Visitor Center of the National Bank of Serbia

11 000 Belgrade
Tel: (+381 11) 3027-139

The Visitor Center of the National Bank of Serbia (NBS) opened in July 2004 on the occasion of the 120th anniversary of its creation as the Privileged National Bank of the Kingdom of Serbia. For the first time ever, the NBS presented part of its numismatic collection publically in a standing exhibition entitled, “Money on the Territory of Serbia.” Periodically, temporary theme exhibitions have been added as well as a number of interesting interactive displays.

Money of the Territory of Serbia

The standing exhibition illustrates the course of development and use of money on the territory of today’s Serbia from its earliest appearance to the latest money issues. The oldest money in the exhibition dates to the 4th century BC, coined by Greek city-states. Shown are coins of the Athens city-state and the Macedonian rulers Philip II and Alexander the Great.
In the 2nd and 1st centuries BC, the Roman Republic coined its famous silver money, the denarius. The derivative of its name, the dinar, is still found in the names of national currencies of many countries, including present-day Serbia.

Medieval Serbian Rulers

Display specimens illustrate the tradition of coining money in the medieval Serbian state beginning in the 13th century with such as those by King Stefan, while the Imperial period is represented by numerous issues of Emperor Dušan. His “coronation dinar” stands out by its importance and beauty of the image of two flying angels placing the crown on the emperor’s head. The medieval Serbian state together with the Serbian dinar disappeared from use when Serbia fell under domination of the Ottoman Empire in the 15th century.

The New Era

With the its loss of independence, money used in the territory of today’s Serbia until the mid-19th century was that of foreign countries, mostly that of Turkey, but also those of Dubrovnik, Venice, Austria, Hungary, and other European monarchies of the time.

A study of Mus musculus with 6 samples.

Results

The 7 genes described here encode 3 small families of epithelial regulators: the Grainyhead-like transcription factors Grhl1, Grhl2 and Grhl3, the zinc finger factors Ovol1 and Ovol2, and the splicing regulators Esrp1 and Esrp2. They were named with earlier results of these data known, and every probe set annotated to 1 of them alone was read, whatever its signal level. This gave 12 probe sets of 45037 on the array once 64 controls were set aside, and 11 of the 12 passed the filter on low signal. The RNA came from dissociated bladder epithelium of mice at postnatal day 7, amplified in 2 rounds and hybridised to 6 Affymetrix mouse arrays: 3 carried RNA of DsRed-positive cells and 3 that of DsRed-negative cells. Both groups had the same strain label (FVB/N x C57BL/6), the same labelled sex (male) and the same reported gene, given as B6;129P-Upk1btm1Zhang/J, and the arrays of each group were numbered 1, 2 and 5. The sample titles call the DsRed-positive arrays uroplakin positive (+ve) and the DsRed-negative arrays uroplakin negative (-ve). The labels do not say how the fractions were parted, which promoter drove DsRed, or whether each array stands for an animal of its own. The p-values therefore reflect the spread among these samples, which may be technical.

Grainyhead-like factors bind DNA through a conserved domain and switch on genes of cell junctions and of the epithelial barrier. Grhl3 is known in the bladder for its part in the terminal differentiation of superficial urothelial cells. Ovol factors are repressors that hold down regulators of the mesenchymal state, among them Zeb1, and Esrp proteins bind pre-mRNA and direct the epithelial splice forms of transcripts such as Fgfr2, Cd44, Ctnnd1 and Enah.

After independence from Turkish rule, Serbia took its first steps toward establishing a national monetary system. As of 1868 during the reign of Prince Mihailo Obrenović, the first copper coins were minted; the first silver coins were struck in 1875 when the dinar was introduced; and the first gold coins were issued in 1879. The issuing of paper money began with the foundation of the Privileged National Bank of the Kingdom of Serbia in 1884, when the first Serbian banknote of 100 dinars was printed in Belgium. Examples of all such specimens are on display.

A Changing Serbia

Following World War I, all the issues of banknotes and coins in the changing periods of the Kingdom of Serbs, Croats and Slovenes (1918–1920), the Kingdom of Serbs, Croats and Slovenes (until 1929), the Kingdom of Yugoslavia, and issues following World War II until the last currency issues in Yugoslavia in 2003, are presented in the exhibition. There is a display recalling Yugoslavia’s hyperinflation of the 1990s with the largest hyperinflationary banknote—the 500 billion (with 11 zeros) dinara note of 1993 showing the portrait of poet Jovan Zmaj. Following the new State Union of Serbia and Montenegro, the National Bank of Yugoslavia became the National Bank of Serbia, which now issues the money to be used in the territory of the Republic of Serbia.

There are also exhibits on security features of the Serbian, euro, and U.S. paper money. Visitors are able to print a souvenir 1-dinar banknote with their picture as a portrait and watermark.

This text was written by Howard M. Berlin and first published in his book Numismatourist in 2014.
You can order his numismatic guidebook at Amazon.

Howard M. Berlin has his own website.